15 May 02. The Pentagon said on Wednesday it would ask Congress to rush development of precision weapons to replace the U.S. Army’s Crusader system. Meanwhile one of the systems expected to benefit from the Crusader cancellation the BAE SYSTEMS XM777 has begun operational assessment with the U.S. Marines (See: BAE SYSTEMS XM777 BEGINS ASSESSMENT).
Michael Wynne, the No. 2 person in the Pentagon’s weapons purchasing office, said the Defense Department hoped to plough all of the $9bn left in the Crusader budget back into programs like a Raytheon Co. satellite-guided artillery shell and a Lockheed Martin Corp. guided multiple launch rocket system.
This would help meet the need for long-range pinpoint shelling that the army was racing to fill with Crusader, that had been due to enter service in 2008.
The Excalibur — the world’s first artillery round to be guided by Global Positioning System satellites — is fired into high altitude where it receives targeting data. Raytheon says it can destroy targets at ranges up to 30 miles (48 km).
The Pentagon also wants to speed the development of Lockheed’s extended-range Guided Multiple Launch Rocket System, with a range of 37 miles (60 km), and an experimental technology demonstration program called Net Fires being researched by the Defense Advanced Research Projects Agency.
Likewise, Wynne said, the Pentagon wanted to accelerate the so-called High Mobility Artillery Rocket System, also being developed by Lockheed.
Lawmakers from Oklahoma, where the Crusader is assembled, urged Rumsfeld Wednesday to refrain from issuing any “stop work” order on the big gun while Congress weighs what to do with the $475m earmarked for it in the fiscal 2003 budget.
“If you stop work, you risk losing much of the intellectual capital — the technology, experience and information — that has grown out of the program’s development over the last several years,” said a letter from the state’s two Republican senators, Don Nickles and James Inhofe, and Rep. J.C. Watts, the fourth-ranking member of the House of Representatives.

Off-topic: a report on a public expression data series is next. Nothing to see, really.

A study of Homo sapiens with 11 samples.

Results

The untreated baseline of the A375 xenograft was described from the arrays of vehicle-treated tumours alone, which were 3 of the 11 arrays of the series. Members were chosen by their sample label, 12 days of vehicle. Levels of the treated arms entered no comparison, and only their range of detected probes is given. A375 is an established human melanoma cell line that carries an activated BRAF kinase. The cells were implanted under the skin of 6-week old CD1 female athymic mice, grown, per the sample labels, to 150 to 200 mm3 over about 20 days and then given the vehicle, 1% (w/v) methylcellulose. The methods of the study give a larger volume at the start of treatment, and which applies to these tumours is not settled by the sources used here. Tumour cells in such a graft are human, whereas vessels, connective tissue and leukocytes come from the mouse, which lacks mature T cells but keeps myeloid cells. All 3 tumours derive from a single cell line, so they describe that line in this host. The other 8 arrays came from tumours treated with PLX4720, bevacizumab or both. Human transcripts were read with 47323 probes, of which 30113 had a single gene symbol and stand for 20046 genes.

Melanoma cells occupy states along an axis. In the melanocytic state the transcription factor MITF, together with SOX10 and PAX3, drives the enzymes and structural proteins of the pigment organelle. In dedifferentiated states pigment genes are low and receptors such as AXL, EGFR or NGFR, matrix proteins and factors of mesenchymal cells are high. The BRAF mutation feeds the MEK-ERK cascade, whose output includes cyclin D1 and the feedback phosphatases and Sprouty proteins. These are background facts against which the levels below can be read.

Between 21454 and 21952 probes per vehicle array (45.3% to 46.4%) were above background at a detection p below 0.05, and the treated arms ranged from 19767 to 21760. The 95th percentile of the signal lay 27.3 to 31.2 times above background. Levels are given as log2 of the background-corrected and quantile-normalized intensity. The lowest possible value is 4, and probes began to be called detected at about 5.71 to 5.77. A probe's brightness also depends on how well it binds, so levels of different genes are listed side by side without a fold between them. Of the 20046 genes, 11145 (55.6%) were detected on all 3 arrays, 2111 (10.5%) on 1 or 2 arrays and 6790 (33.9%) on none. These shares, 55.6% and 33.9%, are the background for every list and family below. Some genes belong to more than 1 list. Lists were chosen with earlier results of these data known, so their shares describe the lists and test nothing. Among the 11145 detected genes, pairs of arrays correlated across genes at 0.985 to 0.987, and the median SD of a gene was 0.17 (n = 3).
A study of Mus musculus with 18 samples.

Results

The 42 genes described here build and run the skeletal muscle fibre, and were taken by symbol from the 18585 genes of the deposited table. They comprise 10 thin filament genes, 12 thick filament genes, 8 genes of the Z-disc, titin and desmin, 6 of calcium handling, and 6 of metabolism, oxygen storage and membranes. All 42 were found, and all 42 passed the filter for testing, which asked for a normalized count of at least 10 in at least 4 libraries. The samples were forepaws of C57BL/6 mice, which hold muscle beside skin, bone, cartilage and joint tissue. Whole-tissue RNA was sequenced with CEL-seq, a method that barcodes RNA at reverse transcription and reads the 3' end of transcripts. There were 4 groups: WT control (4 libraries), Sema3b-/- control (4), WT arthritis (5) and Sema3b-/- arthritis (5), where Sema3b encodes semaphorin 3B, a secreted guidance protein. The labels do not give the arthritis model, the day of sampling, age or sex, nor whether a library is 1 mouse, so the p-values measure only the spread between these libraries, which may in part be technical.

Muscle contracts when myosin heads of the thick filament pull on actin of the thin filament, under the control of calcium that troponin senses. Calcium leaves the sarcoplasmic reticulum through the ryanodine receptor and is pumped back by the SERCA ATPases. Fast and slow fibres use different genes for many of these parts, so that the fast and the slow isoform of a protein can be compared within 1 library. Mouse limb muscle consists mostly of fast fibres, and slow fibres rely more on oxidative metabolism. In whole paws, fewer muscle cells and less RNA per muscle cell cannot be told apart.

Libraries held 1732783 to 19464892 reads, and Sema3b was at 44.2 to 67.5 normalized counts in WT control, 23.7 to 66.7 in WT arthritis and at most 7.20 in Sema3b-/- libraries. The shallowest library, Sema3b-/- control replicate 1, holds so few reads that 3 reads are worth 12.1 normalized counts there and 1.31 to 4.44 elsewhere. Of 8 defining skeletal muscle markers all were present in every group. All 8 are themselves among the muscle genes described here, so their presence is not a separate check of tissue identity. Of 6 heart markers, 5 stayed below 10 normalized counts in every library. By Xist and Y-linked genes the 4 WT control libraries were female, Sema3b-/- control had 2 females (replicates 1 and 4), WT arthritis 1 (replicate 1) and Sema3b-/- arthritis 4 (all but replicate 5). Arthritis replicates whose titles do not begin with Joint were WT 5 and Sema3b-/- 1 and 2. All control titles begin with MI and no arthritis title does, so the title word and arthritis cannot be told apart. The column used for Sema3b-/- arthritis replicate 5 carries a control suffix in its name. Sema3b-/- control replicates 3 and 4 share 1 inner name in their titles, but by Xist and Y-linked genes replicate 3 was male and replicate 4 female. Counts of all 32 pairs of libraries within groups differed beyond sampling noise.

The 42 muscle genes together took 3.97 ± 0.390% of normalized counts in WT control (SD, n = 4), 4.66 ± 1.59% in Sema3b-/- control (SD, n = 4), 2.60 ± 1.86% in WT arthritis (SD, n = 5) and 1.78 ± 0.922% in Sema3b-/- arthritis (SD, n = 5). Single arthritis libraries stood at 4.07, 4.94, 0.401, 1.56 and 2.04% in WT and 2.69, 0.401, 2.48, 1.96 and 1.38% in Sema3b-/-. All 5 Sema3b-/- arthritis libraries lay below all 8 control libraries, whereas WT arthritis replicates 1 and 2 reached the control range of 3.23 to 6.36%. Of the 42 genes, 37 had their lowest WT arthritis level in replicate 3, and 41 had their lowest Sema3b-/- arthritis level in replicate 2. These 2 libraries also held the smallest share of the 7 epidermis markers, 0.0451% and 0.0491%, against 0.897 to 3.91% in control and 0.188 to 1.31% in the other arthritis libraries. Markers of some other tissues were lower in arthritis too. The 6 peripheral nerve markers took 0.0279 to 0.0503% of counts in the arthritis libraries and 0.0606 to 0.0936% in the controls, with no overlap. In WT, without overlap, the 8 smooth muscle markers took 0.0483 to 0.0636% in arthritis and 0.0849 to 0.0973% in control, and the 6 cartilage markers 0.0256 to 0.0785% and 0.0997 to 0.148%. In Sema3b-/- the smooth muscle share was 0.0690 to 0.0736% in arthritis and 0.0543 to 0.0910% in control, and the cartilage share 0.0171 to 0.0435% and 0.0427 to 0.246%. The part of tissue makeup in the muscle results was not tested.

Pentagon spokeswoman Cheryl Irwin said the army had been ordered not to earmark any new funds for the Crusader. “It does not tell them to stop any ongoing work, rather it says not to start any new work,” she said.
For its part, the House Appropriations Committee adopted a nonbinding provision directing the Pentagon not to “precipitously stop work” on the program, requiring it to report back by mid-June on alternatives to the gun.
Rumsfeld is scheduled to appear today before the Senate Armed Services Committee to discuss the Crusader, the most prominent weapons program to face cancellation since 1991 when then Secretary of Defense Dick Cheney killed the Navy A-12 fighter jet program. Litigation challenging that move is pending.
United Defense Industries, meanwhile, called a news conference at which supporters of Crusader said scrapping it would leave U.S. forces vulnerable to the artillery batteries of potential foes like North Korea, Iraq, Iran and Syria.
“I don’t think any of them involved in this debate have looked at the weapons system or analyzed its impact on the army,” retired Army Gen. Barry McCaffrey, the ex-drug czar who was a commander in the 1991 Gulf War, told the news conference.